Top news of the day from across the health care landscape.
The Seattle City Council has approved a tax on distributors of sugary drinks, in a 7 to 1 vote. According to The Seattle Times, the tax will hopefully reduce the consumption of these beverages and help Seattle provide better access to nutritious foods in low-income areas. Proponents said that soda companies purposely market towards children in these communities, where more people struggle with sugar-linked health problems, such as obesity. Several other cities and counties have adopted similar taxes, such as Berkeley, CA; Philadelphia, PA; and Cook County, IL, which includes Chicago.
An increasing body of research suggests that indoor germs may help stave off different illnesses, including germs from household pets. New research indicates that the cloud of dog-borne microbes may be working to keep humans healthy, with epidemiological studies showing that children who grow up in households with dogs have a lower risk of developing autoimmune conditions, according to The New York Times. Furthermore, it could be a result of the diversity of microbes that animals track inside of homes. Exposure to animal microorganisms during the first 3 months of life help stimulate the immune system to prevent the body from becoming overly sensitive later in life. A study published last year found that Indiana-based Amish children who grew up near barnyard animals had significantly lower rates of asthma compared with Hutterite children, raised apart from animals on large mechanized farms in North Dakota. Experts noted that not all animal-borne microbes are good for humans. “Dogs have been with humans for 40,000 years,” Netzin Steklis, biologist at the University of Arizona, told the NY Times. “But we are only now looking to find out how living with them impacts our health. We’ll know more soon.”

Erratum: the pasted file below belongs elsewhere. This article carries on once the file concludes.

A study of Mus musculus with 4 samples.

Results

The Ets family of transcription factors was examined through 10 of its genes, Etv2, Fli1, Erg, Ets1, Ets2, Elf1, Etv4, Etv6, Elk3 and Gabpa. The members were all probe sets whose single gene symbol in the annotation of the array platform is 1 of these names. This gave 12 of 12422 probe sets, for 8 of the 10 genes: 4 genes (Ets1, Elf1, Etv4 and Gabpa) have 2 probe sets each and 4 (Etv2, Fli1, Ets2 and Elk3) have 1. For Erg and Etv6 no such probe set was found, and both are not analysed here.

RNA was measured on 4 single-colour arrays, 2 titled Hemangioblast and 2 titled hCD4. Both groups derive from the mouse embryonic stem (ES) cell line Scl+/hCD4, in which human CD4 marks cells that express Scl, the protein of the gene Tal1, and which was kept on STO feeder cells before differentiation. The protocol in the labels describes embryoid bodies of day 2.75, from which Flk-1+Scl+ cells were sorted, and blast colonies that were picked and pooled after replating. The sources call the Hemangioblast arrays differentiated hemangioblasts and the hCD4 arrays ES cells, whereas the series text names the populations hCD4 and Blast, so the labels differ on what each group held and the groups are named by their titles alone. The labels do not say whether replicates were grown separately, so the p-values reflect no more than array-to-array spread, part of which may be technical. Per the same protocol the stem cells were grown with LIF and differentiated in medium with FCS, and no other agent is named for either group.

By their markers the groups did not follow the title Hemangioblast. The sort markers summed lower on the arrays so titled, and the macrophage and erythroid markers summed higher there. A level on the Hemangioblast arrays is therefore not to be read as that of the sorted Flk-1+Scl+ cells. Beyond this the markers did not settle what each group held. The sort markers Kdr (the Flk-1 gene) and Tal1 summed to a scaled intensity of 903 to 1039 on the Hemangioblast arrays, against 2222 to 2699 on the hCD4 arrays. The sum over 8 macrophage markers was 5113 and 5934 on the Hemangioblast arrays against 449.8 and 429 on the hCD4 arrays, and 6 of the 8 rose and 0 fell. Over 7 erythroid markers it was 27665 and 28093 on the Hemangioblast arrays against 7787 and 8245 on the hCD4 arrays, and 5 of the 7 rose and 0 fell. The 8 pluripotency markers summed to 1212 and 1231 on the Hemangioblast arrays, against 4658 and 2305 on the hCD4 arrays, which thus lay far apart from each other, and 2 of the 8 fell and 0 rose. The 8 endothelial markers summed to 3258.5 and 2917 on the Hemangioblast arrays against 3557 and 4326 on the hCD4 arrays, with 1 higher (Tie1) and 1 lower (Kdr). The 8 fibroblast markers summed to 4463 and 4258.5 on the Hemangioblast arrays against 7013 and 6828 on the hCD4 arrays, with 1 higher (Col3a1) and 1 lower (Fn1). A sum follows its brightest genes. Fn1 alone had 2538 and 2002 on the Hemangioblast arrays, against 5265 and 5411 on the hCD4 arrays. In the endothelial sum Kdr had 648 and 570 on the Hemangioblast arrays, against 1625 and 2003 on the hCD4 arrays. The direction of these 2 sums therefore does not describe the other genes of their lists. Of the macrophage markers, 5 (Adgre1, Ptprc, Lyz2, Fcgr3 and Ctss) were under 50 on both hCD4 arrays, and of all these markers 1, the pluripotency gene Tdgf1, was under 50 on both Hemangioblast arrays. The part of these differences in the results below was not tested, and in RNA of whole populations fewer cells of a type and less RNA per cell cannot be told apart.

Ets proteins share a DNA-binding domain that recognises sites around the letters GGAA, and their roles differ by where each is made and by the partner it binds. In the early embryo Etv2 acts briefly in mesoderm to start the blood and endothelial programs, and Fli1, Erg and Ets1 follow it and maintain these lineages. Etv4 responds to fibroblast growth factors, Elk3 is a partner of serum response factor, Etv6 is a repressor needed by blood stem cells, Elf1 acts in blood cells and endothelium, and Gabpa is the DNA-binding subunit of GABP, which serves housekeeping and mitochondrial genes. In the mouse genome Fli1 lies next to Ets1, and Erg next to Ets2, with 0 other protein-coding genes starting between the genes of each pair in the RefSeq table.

A Manhattan-based physician is accused of writing thousands of prescriptions for oxycodone without a legitimate medical purpose, reported The Wall Street Journal. Martin Tesher, 81, was charged with illegally distributing a controlled substance, according to federal prosecutors in Brooklyn. Tesher allegedly wrote more than 14,000 oxycodone prescriptions, totaling more than 2.2 million pills, between June 2012 and January 2017.